Use these 5 tips to banish anxiety and ask for the salary you deserve


I could teach you how to negotiate for your salary, but no number of talking points will help you if you don’t know how to calm your nerves. For many women, the mere thought of a salary negotiation makes them feel sick to their stomach, and they’ll do anything to avoid it. But if you can summon your inner strength during negotiations, you might be able to bump your salary up by thousands of dollars in just a few minutes. So yes, it’s worth it.

Here’s my advice on staying calm and confident throughout the negotiating process.


1. Say it out loud. Ignoring your feelings is like pushing a bouncy ball into a pool. No matter how many times you try, it’s bound to pop up. The best remedy is to acknowledge your fears by saying them out loud or writing them down. By doing that, you’re getting out of your head and into an objective place.

2. Don’t apologize. The fear of negotiating can stem from the concern that you might not be liked by the person you’re negotiating with. But remember, there’s nothing wrong with asking for what you want! So there’s no reason to say you’re sorry.


Question your assumptions

Our anxieties tend to stem from assumptions we make about ourselves and the situation at hand.

1. Ask yourself why. It is fear of losing the opportunity? Feelings of unworthiness?

2. Figure out what actions you can take. For example, if you’re afraid of losing the opportunity, maybe you should start looking elsewhere.


Gain perspective

Face it, you’re too close to yourself. The best way to view yourself objectively is to get a little distance.

1. View your life like a movie. You’re the protagonist and we’re rooting for you! Usually things turn out all right for the main character. When they encounter obstacles, we know that it’s just part of the larger movie.

2. Everything is a learning experience. If you view things as a pass/fail test, you are putting waaaaay too much pressure on yourself to perform. Instead, go into things with the goal of learning about yourself. That means accepting you may mess up—you probably will at some point—and that next time, you’ll do a bit better.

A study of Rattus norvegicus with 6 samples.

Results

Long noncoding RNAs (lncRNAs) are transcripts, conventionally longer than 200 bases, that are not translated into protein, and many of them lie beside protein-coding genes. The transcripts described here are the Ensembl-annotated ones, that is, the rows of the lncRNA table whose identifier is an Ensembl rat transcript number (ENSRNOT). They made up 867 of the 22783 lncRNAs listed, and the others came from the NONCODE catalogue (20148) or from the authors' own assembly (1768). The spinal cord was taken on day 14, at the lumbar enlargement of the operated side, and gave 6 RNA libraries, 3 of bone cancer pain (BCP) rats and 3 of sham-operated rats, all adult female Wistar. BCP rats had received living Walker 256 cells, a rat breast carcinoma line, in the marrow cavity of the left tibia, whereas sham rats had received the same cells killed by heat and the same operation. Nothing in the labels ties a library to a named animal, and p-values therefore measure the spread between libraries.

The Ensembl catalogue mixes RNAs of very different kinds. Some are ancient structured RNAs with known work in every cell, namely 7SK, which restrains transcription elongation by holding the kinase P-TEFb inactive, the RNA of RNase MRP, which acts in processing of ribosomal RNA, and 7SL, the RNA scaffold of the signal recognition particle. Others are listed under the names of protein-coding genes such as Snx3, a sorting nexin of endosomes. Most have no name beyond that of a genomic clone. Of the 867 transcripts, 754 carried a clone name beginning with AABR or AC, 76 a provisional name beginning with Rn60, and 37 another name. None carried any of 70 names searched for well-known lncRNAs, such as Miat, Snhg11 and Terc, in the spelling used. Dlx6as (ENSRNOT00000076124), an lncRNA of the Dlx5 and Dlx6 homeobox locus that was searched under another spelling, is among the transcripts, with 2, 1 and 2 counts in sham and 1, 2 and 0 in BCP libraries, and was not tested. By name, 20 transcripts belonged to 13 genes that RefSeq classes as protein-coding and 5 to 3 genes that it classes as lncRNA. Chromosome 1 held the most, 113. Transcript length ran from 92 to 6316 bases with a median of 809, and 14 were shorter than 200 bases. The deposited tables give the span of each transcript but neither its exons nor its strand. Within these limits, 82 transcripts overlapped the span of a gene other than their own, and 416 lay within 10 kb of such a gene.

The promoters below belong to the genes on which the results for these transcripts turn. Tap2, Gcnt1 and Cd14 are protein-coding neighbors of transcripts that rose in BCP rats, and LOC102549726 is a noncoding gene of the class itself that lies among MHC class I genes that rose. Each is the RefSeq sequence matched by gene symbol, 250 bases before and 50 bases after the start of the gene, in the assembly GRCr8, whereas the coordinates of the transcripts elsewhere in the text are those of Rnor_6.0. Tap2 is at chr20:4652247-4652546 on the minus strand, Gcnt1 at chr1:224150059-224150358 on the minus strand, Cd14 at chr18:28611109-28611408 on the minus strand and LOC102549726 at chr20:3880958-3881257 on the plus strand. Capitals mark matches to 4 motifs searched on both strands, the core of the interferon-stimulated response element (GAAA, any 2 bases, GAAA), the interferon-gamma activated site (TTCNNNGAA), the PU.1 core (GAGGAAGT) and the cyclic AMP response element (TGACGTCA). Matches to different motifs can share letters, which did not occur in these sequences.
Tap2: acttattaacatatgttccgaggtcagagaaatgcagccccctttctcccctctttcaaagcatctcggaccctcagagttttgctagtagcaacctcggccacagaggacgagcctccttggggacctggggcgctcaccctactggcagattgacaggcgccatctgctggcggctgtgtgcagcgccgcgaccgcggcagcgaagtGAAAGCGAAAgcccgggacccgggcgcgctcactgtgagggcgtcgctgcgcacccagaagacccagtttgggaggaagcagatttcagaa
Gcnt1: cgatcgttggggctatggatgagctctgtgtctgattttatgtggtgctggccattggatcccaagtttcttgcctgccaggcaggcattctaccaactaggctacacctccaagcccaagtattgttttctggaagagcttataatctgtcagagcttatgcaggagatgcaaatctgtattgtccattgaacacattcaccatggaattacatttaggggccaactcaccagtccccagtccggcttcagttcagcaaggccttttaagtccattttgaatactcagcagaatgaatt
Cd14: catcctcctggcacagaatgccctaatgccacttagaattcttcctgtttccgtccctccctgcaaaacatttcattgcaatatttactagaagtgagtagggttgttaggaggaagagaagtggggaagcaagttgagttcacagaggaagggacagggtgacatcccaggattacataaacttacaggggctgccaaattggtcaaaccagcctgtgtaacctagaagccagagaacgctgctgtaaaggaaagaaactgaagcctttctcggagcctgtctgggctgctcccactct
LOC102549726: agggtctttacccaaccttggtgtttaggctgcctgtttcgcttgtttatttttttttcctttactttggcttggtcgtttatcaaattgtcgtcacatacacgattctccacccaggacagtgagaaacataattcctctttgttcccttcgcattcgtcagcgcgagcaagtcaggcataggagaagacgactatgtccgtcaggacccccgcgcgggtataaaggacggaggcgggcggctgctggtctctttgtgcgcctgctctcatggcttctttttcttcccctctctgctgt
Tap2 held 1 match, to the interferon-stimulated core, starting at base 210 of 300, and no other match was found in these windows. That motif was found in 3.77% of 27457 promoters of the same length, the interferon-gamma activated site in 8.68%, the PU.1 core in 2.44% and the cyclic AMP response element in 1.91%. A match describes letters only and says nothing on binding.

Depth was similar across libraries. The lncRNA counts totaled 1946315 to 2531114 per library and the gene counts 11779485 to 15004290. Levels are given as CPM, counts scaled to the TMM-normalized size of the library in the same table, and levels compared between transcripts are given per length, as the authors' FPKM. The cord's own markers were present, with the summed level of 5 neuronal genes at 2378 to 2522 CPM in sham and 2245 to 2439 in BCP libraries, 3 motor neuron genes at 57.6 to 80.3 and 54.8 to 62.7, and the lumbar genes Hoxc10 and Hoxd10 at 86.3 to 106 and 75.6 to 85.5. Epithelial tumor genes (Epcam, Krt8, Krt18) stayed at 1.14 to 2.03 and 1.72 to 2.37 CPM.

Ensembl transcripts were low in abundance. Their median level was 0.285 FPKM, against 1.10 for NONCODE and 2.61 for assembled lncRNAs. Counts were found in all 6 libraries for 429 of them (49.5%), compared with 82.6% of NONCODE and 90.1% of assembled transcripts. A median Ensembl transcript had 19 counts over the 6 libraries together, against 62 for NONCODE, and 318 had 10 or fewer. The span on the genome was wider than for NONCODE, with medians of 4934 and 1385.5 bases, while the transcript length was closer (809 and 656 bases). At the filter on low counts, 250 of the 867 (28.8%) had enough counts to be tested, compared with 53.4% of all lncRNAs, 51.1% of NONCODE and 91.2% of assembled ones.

3. Ask yourself: What’s the worst that can happen? This isn’t brain surgery. You’ll be fine.


1. Pay attention. It’s crazy how something that happens naturally can sometimes feel unnatural. Unless I’m paying attention to it, I’ve noticed that most of the day I breathe shallowly. I also suck in my stomach, which stifles my breathing even more. Whether it’s that we’ve been socialized to appear smaller or that we carry around anxiety, too many of us can forget to breathe deeply and fully.

2. Identify where your breath is coming from. If you’re alive, you’re obviously breathing. However, are you breathing correctly? To ensure you’re taking in the max amount of oxygen, place your hand on your chest and on your belly. Is your stomach expanding as much as it can?

3. Count while you breathe. The New York Times has some great tips on how to do deep, controlled breathing that is proven to reduce stress.


Protect your energy

As women, we’re socialized to be people pleasers and put others before ourselves. Unsurprisingly, that can lead to burnout and resentment. As a daily practice—or, at the very, least in times of stress—it’s important to take steps to protect your energy.

1. Visualize. This is going to sound a bit woo-woo, but it’s a game changer, I promise. Imagine gold molten lava being poured over your head and dripping down your whole body. For the places of your body that it misses, take your hands and paint it on so that it covers every nook and cranny. There is no part untouched by it. What this does is create a shield around you; however, it’s not a shield of Teflon. It’s malleable so that you can deeply connect with others, feeling their energy while preserving yourself. (Feeling ambitious? Try painting the inside of your body.) Do this before any nerve-wracking experience or at the beginning of the day. Listening to Solange helps.

2. Wash your hands. After a stressful experience—especially one that requires you to “perform”—escape to the bathroom and wash your hands. Take your time, let the water run over you, and really feel it. By washing your hands deliberately, you’re symbolically releasing energy, whether it’s your own pent-up nerves or the other person’s.

3. Practice self-care. You’re a reader of Well+Good, so you already know how important self-care is. Whatever you do to make yourself feel good, take your time. Relish in it and let yourself be proud that you’re prioritizing your well-being.

I know all of this is easier said than done. Even though I teach this for a living, it never ceases to amaze me how I still get nervous every time I negotiate. My personal struggle is the fear of losing an opportunity. However, each time I almost acquiesce too soon, I ask myself: Will I regret not speaking up? Will I regret not asking for more? So no matter how shaky my voice is or how many times I rewrite an email, I do it anyway. I hope you will, too.


The founder of Ladies Get Paid, Claire Wasserman is an educator, coach, and podcaster who helps women navigate their professional options to find fulfilling career paths.

Make 2018 your healthiest, happiest, and richest yet—with a little help from Well+Good’s (Re)New Year program!